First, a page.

ACLA 2013 seminar: Spatial Narratives (Deadline: November 15, 2012)
This is a call for papers for a panel at the annual American Comparative Literature Conference which will be held at University of Toronto, April 4 - 7, 2013. The abstracts need to be submitted on the ACLA website: < http://www.acla.org/acla2013/> by November 15, 2012.
Panel Title: Spatial Narratives
Locating events temporally and sequentially is standard fare for interpretive storytelling from the literary to the scientific. Interpretive modes based on spatial organization via cartography or diagramming have become more pervasive as tools improve, thereby leading to a spread of conceptual frameworks reliant on spatiality. This panel seeks papers that put narratology in conversation with spatialized modes of telling. Narrative, from the Latin, narrare, "to tell," is related to the adjective gnarus, "knowing," or "skilled." This connection within "narrative" between knowing and telling implies that narration is a mode for constructing shared understandings of events and spaces. Maps work similarly, as data is put in relation so as to allow for interpretation of diverse social, environmental, epidemiological, and literary complexities. Work in this mode emerges from theory (Bahktin), literary studies (Moretti), history (Ayers), information analysis (Palantir's Gotham), social network analysis (Adamic to the Web Ecology Project), and crisis intervention (Ushahidi). Broadly, this panel aims to explore narratological understandings of etiological, temporal, and sequential meaning production and the imposition of story structure when performed in a spatial manner at the level of surfaces, maps, screens, technical images, and diagrams.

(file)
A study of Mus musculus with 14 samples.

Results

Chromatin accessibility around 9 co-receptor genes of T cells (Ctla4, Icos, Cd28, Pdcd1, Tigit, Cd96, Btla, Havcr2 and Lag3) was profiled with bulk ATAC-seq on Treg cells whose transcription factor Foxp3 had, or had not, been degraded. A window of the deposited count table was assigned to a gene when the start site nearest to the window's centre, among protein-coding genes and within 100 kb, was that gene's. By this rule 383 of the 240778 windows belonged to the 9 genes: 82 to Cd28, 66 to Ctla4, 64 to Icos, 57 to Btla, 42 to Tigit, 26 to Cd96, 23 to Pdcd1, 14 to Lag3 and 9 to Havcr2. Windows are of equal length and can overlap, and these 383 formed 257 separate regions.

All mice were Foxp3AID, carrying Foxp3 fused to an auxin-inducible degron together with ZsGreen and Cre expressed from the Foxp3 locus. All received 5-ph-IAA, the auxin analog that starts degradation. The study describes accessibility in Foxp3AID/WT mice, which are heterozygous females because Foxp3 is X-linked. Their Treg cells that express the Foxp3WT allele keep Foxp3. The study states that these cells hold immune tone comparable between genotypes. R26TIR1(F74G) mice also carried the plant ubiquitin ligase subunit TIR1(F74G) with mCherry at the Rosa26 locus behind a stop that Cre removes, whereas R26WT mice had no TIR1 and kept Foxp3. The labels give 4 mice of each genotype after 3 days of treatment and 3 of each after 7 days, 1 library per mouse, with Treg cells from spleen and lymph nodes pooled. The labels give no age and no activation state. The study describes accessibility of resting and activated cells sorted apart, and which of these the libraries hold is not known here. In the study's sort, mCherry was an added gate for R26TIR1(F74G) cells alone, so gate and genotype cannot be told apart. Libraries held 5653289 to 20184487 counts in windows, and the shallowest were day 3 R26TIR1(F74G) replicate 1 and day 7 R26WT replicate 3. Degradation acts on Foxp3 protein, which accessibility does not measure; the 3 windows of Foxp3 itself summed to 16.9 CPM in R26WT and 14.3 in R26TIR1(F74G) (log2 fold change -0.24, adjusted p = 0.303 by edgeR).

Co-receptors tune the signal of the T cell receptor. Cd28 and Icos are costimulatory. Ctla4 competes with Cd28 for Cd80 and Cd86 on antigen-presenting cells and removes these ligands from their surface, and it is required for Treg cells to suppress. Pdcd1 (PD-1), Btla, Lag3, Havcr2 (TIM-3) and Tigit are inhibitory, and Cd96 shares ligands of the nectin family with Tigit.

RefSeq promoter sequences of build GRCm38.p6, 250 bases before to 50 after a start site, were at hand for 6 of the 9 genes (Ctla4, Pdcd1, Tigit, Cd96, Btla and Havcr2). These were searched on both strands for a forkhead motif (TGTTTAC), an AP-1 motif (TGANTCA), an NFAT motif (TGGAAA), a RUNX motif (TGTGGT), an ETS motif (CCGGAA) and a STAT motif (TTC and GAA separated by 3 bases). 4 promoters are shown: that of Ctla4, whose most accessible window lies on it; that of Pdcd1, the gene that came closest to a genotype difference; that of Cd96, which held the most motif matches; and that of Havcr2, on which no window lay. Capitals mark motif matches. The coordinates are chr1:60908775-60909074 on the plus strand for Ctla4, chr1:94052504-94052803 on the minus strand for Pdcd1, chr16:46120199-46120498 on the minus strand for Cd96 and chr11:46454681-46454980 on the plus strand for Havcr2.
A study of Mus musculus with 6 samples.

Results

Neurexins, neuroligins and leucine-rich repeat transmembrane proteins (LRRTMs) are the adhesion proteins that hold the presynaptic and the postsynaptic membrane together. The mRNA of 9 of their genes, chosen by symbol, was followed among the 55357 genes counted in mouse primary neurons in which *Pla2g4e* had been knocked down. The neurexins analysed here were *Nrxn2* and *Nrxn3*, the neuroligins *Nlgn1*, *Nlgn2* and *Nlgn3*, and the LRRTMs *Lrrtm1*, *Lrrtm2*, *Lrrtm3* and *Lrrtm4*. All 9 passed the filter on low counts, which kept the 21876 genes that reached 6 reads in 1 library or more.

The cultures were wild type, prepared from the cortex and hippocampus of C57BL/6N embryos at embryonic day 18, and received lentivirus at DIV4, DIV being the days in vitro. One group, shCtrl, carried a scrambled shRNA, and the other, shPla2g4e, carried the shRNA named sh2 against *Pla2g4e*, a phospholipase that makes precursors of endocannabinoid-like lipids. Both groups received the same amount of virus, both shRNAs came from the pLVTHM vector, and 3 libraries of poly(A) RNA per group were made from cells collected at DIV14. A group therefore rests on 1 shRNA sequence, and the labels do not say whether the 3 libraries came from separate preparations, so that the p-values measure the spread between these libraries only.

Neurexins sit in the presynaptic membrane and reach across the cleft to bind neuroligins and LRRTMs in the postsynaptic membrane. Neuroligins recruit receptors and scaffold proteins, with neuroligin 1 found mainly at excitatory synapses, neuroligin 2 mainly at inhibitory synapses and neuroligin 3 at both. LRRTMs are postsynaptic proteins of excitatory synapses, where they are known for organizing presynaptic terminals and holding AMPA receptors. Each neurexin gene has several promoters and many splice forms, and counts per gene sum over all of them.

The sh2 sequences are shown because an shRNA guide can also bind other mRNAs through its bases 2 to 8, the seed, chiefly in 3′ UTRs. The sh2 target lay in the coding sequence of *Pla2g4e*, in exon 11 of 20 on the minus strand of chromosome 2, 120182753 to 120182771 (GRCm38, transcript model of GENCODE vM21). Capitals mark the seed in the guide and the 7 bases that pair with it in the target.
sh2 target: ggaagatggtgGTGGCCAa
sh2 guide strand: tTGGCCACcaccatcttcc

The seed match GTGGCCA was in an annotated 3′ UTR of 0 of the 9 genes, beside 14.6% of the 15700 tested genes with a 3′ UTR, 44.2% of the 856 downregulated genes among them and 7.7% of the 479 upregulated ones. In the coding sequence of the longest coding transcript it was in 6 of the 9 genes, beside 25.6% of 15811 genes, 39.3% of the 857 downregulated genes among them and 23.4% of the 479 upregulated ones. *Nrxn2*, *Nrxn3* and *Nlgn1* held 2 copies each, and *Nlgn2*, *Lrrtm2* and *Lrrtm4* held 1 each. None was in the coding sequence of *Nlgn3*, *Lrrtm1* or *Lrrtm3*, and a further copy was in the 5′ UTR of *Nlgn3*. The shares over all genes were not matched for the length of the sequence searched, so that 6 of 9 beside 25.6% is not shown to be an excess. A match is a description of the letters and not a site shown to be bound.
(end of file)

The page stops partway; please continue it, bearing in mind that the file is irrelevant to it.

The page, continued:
This seminar invites papers addressing the topic from a range of theoretical and critical approaches with an emphasis on narratology to a variety of genres and modes of discourse (poetic, scientific, narrative, fantastic, mythic, prophetic, digital, augmented reality, theoretical, technical, political, etc.). Papers considering non-European approaches to space are particularly welcome, as are papers considering technical aspects of spatial and visual logic.